Finance Minister Grant Robertson trots out the phrase “go hard, go early” in the battle against Covid-19, as often as he used to declare the underlying fundamentals of the NZ economy are “strong”.
Meanwhile Health Minister David Clark says responding to Covid-19 is a “marathon, not a sprint”.
But New Zealand didn’t “go early”. The Ministry of Health on January 24, the day after China locked down the huge city of Wuhan because of the outbreak of the disease, said the likelihood of a sustained outbreak in NZ is “low”.
It maintained that line for a month. There was no visible sign of the ministry calling on ministers to scale up stocks of relevant equipment, take precautions in retirement homes, or increase the number of Intensive Care Unit beds and ventilators.
When NZ recorded its first case of Covid-19 on February 28, Clark told Parliament NZ was using the approach recommended by the World Health Organisation of containment, using three main tools : border controls, self-isolation, and good public health controls. So far, he said, NZ had been the best at keeping Covid-19 at bay.
“We have a strong public health system. We continue to work to keep Covid-19 out, but we are ready if it arrives in our community.”
Just a fortnight later NZ moved into one of the most restrictive lockdowns of any country. The Prime Minister claimed then that if strong action was not taken against the spread of the virus, NZ’s health system would be overwhelmed and tens of thousands would die.
“If community transmission takes off in NZ, the number of cases will double every five days. If that happens unchecked, our health system will be inundated, and tens of thousands of NZers will die”.
There has been no sign of those tens of thousands dying, but the economy has crashed – GDP is plunging and NZ faces the worst unemployment for more than 10 years.
So now, as the country awaits a decision on whether the lockdown will move down from level four to level three, Cabinet may be a prisoner of its own rhetoric. It has set “elimination” as the vital goal — so elimination it has to be.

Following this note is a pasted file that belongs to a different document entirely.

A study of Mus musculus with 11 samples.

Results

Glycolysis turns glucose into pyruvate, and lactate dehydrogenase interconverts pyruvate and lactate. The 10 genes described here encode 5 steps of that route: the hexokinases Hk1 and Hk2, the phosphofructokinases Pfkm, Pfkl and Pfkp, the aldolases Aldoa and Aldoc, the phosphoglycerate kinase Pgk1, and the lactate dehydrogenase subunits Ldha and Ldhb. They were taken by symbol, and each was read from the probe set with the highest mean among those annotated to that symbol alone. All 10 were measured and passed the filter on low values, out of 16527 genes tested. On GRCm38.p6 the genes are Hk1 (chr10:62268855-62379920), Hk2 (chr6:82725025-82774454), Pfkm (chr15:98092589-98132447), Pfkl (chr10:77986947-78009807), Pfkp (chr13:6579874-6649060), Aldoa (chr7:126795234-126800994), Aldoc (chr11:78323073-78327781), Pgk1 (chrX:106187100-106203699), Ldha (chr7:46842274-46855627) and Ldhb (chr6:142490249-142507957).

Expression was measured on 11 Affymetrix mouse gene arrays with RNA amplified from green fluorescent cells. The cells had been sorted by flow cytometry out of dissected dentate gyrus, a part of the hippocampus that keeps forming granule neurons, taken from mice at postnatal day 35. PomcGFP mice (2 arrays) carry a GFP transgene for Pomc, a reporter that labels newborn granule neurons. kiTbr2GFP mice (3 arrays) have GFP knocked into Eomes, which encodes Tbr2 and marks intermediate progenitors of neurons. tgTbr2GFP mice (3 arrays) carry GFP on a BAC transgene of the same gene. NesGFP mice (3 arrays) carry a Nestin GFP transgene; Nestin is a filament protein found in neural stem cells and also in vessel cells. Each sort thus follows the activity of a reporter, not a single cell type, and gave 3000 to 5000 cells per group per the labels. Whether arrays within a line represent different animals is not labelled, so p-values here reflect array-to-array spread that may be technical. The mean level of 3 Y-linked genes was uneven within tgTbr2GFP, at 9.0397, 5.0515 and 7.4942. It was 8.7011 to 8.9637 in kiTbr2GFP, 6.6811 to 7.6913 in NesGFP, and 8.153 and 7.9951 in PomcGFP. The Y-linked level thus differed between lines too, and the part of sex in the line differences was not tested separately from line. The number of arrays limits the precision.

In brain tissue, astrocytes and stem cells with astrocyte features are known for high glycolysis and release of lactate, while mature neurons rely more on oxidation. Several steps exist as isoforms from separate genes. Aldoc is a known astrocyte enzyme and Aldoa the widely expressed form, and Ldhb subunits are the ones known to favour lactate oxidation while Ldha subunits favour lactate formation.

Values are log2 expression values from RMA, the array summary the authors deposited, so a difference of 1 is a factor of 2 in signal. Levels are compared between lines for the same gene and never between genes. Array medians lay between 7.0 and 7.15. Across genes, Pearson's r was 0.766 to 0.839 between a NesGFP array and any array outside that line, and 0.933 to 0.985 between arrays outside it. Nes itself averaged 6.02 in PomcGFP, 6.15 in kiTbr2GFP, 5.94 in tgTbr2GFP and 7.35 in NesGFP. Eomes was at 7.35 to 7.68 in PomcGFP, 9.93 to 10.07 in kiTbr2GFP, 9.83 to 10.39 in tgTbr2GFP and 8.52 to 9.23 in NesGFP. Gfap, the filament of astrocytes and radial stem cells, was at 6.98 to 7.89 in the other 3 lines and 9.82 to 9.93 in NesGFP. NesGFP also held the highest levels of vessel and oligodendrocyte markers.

Now the political imperative is to preserve the illusion it knew what it was doing when it imposed a lockdown more severe than, say, Australia. Any swerve in direction now would be to admit it had been wrong.
Yet it could be argued that Cabinet should at least consider regionalisation.
Could not those free of community transmission be permitted to relax below level three? Regions – for example – like the West Coast suffering severely from the destruction of the tourist industry?
That would be a relief for towns like Westport where 300 miners could get back to work at the Stockton mine.
Only last week Robertson was saying NZ had “acted swiftly and decisively to stamp out Covid-19” because that was the best way to protect the economy.
But the problem for Cabinet is to decide whether Covid-19 has actually been “stamped out”. If there is a second wave, as there has been in places like Hong Kong, and Singapore, will NZ go back to a level 4 lockdown?
What would the chances of economic recovery be then?
Dole queues threaten to be longer than any government could contemplate. Even major companies face a liquidity challenge. As much as 30% of the small business sector has fallen over a cliff.
Roger Partridge, chairman of the NZ Initiative, says at some point the harm to wellbeing of Kiwis from continuing the lockdown becomes greater than the wellbeing benefit of continuing it.
“Indeed, that time may have already passed”.
The Prime Minister, as he pointed out, claimed last week that the ‘essential services’ approach was being abandoned for Alert Level 3 in favour of a
” … safety-based” approach.
“Yet by prohibiting shops other than supermarkets, dairies and garages to open, the new approach continues a significant dose of the former blunt approach. Why is the local butcher, baker or clothes shop less safe than the local dairy?
“It was also disappointing that the Prime Minister did not reveal the criteria for the government’s decisions to move away from Alert Level 4, and then from Alert Level 3 to Alert Level 2. Uncertainty is a curse for businesses and workers alike.
New Zealanders deserve better than this. Workers, firms and consumers should not be at the mercy of such disjointed decision-making”.
Academics have praised the “brilliant, decisive and humane leadership” of the Prime Minister. But the same academics also said that – in their view – the case for a tougher lockdown in NZ than in Australia rested on the fact that
“ … NZ has had to go to this strong, intense, lockdown, because it started from a pretty low base. It didn’t have really sophisticated systems for mass contact tracing…Things like basic contact tracing were working better in Australia from earlier on.”
Of course there is a tension between health, and economic, policies. It might not, as the London Economist put it early in the pandemic, be a fair fight.
But it is vital to strike the right balance. That’s what Cabinet has to do this week.
The punters out there might demand long odds if asked to lay a bet that it will.